Hepatitis C Care: It's Cookbook Medicine, Expert Tells Physicians

MARCH 30, 2017
Gale Scott

Internal medicine physicians may encounter patients in their practice who could benefit from the expertise of a gastroenterologist.

Speaking today at the American College of Physicians Internal Medicine Meeting (ACP 2017) in San Diego, California, Hashem El-Serag, MD, MPH, (photo) of Baylor College of Medicine in Houston, a professor of gastroenterology and hepatology gave a standing-room only audience a quick course in his specialties so they could treat many of these patients. El-Serag is a well-known expert on hepatocellular carcinoma, and has published over 350 papers on the topic.

Among his subjects today was whether a non-specialist can competently care for patients with hepatitis C infection.

Due to the success of direct-acting antivirals (DAAs), El-Serag said, the answer is usually yes.

“Hepatitis C care is cookbook medicine now,” he said. With a long and growing list of effective DAAs, there are few patients who are beyond the expertise of an internal medicine or primary care physician, he said.

There are exceptions, including patients with cirrhosis, fibrosis, drug addiction, or signs of complications like low platelets. Patients who have failed treatment with DAAs should also be referred to a specialist and patients with genotype 3 infections may also require specialty care, he said.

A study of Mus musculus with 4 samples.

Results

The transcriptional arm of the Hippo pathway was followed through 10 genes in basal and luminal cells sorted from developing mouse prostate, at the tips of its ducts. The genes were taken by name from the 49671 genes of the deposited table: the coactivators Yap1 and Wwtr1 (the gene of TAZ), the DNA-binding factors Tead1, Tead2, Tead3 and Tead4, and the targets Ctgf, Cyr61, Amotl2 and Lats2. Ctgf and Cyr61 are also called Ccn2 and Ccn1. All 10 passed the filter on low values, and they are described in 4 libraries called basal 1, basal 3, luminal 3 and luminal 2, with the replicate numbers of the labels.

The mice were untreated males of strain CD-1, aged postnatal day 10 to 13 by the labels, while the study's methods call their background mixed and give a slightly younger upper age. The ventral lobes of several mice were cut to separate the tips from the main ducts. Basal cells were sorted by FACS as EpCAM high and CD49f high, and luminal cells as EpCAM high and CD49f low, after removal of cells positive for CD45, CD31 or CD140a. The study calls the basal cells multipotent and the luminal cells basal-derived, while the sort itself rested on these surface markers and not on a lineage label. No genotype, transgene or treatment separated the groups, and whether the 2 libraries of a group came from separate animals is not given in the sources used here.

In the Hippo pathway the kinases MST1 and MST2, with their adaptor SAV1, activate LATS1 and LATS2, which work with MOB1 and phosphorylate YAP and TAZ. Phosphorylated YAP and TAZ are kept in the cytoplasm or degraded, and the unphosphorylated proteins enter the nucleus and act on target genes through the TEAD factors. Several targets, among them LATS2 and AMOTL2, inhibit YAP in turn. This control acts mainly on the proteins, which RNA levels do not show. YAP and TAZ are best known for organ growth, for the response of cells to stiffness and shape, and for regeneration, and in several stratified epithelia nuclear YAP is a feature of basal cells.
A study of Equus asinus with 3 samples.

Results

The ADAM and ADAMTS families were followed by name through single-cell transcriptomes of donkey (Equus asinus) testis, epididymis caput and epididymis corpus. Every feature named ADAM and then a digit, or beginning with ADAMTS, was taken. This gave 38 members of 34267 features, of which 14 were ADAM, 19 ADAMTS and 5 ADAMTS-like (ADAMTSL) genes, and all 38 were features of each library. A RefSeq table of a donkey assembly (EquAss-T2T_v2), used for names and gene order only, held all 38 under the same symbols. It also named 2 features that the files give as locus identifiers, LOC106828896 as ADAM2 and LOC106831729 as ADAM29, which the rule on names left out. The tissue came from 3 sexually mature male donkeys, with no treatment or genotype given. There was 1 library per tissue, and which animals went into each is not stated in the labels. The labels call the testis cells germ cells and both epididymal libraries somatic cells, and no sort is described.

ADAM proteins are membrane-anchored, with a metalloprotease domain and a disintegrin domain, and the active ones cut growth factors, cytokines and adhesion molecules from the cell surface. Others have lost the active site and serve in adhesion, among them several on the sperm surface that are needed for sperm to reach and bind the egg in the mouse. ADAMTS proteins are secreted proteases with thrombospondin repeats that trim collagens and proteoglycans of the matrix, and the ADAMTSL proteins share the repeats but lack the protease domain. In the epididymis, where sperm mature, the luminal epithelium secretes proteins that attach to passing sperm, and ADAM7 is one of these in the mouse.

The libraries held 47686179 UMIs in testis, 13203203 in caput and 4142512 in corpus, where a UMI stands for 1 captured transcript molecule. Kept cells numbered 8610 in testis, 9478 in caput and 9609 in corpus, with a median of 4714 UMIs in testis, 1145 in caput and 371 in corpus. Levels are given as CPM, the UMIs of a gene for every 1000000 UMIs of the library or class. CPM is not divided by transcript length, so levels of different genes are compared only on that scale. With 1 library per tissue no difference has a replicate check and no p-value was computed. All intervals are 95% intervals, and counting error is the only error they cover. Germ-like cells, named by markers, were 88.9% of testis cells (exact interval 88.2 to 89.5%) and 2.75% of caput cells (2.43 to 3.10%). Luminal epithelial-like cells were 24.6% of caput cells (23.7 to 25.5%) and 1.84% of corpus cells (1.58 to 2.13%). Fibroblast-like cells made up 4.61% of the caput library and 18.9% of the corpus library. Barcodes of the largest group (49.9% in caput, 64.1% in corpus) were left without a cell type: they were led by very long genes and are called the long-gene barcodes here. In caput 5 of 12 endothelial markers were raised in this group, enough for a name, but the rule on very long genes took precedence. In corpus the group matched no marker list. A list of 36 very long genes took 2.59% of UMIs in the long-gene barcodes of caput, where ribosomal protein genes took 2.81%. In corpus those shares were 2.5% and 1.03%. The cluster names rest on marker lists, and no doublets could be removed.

But the DAAs that revolutionized hepatitis C care and disease prognosis a few years ago are household words now, he said.

“Everyone knows Harvoni, especially if they watch professional football—those ads come on right after the Viagra commercials,” he said.

El-Serag went through a list of approved DAAs and said that for most non-specialists the best approach is to pick one that covers multiple genotypes of the virus.

One problem that remains though is that even after the hepatitis infection is cured, “the presence of cirrhosis means the patient is still at risk of cancer and they have to be plugged in for surveillance,” he cautioned.

The unaddressed need in hepatitis C care now is getting more people tested, he said, since many who have the virus are unaware they have been infected. Since past drug use is a risk factor, it might seem logical for physicians to ask patients if they have ever used injection drugs. El-Serag advised against it.

“I have a fool-proof rule,” he said, make hepatitis C testing part of a panel, based on a patient’s age.

“What does work is asking grandpa about drug use some years ago—he’ll never tell you,” he said.

In answer to an audience question about biosimilar drugs and their availability, El-Serag said that any physician who gets email is likely to have gotten queries “from someone from India or Russia or Bangladesh trying to sell you one.”

Though the major DAA manufacturers did decide to give away their formulas to countries where it was unlikely many people or their governments would pay the prices of DAAs sold in the Western world, that is not true for the newest DAAs, he said.

“There are biosimilars in India, for example, but they haven’t caught up with the newer one,” El-Serag said. “But it is true, some countries are selling deeply discounted drugs.”